How to cope when your pet starts to go blind

Sadly, some conditions, such as cataracts, glaucoma and diabetes, can cause impaired vision in pets.

Sight may not be the primary sense in all pets (dogs, for example, have an extremely well developed sense of smell), but despite this, when pets go blind, life still becomes disorientating and requires a period of adaptation.

PDSA Senior Veterinary Surgeon Elaine Pendlebury says: “If you are concerned about your pet’s vision you should contact your vet.

“They will be able to check your pet’s eyes and general health.”

Elaine has put together some advice on helping pets to adjust to sight loss.

Each individual pet will react differently to blindness, and the following factors may influence how well they adjust:

Age – the older the pet the more time it might take for them to adapt to losing the ability to see clearly;

Training – are they quick at learning skills?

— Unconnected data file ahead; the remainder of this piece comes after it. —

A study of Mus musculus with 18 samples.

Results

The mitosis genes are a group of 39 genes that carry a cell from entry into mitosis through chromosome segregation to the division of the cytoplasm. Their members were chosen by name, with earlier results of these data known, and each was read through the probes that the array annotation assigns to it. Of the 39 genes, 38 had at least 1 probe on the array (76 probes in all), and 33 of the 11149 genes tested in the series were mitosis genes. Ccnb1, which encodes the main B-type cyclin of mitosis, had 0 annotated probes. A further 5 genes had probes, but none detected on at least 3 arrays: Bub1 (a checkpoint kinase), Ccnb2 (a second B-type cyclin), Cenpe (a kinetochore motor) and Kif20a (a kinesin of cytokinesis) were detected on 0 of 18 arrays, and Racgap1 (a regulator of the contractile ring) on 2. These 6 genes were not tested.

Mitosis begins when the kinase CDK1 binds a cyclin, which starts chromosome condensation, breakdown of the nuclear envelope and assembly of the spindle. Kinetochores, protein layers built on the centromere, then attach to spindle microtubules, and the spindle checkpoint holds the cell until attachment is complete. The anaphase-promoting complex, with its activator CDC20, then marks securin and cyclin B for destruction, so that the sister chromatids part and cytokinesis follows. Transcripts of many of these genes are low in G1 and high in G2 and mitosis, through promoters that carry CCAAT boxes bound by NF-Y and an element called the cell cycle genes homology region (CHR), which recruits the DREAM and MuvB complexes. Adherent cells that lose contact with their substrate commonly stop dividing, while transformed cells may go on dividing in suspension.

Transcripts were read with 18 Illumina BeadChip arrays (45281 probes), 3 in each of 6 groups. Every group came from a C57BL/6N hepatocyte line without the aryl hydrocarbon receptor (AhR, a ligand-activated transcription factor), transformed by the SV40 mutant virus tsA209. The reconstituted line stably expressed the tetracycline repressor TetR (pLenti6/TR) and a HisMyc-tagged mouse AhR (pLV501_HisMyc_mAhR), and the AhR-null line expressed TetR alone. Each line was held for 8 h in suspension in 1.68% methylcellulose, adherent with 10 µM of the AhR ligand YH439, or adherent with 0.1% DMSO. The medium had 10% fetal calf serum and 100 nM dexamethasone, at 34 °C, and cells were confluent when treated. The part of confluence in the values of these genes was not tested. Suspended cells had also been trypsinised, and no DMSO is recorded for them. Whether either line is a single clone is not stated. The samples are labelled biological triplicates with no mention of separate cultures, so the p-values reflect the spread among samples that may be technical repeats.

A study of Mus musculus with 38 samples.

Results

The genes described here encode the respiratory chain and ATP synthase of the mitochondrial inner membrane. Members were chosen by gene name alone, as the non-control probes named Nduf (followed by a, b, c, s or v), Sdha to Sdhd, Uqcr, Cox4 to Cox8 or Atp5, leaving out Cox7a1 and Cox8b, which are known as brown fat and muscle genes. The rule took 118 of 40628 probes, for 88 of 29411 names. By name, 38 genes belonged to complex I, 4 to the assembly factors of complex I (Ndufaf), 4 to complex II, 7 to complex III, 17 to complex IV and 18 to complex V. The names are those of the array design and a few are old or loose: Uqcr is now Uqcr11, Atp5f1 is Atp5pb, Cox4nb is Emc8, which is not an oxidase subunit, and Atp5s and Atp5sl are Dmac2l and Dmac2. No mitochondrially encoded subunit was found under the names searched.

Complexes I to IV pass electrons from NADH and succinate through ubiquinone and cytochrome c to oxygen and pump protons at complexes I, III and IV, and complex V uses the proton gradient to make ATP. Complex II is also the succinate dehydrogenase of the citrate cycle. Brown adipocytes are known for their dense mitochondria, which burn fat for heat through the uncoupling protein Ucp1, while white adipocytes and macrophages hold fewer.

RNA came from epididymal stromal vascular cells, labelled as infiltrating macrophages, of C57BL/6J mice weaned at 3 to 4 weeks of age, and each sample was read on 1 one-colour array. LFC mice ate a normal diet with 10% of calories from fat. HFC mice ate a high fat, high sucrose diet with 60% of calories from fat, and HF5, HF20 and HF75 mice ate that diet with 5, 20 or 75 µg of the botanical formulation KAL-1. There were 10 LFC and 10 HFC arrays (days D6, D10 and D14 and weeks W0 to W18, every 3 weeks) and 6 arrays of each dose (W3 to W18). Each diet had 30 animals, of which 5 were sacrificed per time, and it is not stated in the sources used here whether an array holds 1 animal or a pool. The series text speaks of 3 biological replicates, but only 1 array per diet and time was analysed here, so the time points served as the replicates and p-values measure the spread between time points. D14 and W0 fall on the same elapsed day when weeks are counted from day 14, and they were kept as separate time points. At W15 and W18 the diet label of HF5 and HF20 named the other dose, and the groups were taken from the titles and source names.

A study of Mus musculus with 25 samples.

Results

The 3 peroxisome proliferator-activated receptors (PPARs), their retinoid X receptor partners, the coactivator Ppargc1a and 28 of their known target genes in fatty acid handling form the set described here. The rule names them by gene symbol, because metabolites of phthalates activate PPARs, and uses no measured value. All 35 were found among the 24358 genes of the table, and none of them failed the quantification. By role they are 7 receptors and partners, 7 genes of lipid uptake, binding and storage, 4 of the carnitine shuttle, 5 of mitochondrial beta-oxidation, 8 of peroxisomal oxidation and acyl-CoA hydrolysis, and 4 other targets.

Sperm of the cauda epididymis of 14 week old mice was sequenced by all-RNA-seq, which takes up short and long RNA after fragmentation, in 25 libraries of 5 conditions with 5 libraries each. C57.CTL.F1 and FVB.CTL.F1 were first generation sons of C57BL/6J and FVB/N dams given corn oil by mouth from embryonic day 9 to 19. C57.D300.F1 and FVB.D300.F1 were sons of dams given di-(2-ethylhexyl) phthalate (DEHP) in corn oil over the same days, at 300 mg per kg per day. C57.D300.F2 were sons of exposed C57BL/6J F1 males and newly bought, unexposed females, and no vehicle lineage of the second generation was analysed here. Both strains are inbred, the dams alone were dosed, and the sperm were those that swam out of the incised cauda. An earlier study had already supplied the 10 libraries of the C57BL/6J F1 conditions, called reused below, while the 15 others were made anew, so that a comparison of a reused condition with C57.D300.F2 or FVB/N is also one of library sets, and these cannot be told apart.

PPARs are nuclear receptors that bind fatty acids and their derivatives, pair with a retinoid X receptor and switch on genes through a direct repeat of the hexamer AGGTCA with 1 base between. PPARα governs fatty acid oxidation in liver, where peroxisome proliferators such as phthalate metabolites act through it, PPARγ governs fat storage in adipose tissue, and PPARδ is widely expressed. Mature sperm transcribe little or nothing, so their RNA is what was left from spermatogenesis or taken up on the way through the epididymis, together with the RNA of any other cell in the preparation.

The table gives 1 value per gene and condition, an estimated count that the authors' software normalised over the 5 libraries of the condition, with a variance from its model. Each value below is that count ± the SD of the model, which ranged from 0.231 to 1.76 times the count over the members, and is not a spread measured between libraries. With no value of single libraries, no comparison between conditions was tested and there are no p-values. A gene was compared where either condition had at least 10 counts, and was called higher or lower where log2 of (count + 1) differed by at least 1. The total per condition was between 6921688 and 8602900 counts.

Speed of onset – gradual sight loss means they should be able to compensate over time;

Personality – more confident pets may adapt better than more anxious ones;

You – how much are you able to help your pet?

Owners need to be as supportive and patient as possible with a pet suffering from impaired vision. To help pets feel safe and secure, owners can do a few simple things:

Keep the furniture in the same place – pets will rely on their other senses to navigate their way around

Don’t leave things lying around that they could bump in to or trip over

Keep their bed and food bowls in the same place

Use your voice - talk to your pet to let them know where you are

Give them attention through physical contact, such as stroking, if they like that

Make their environment safe by blocking their access to hazards like fireplaces or balconies. For more pet care tips log onto www.pdsa.org.uk/pethealth.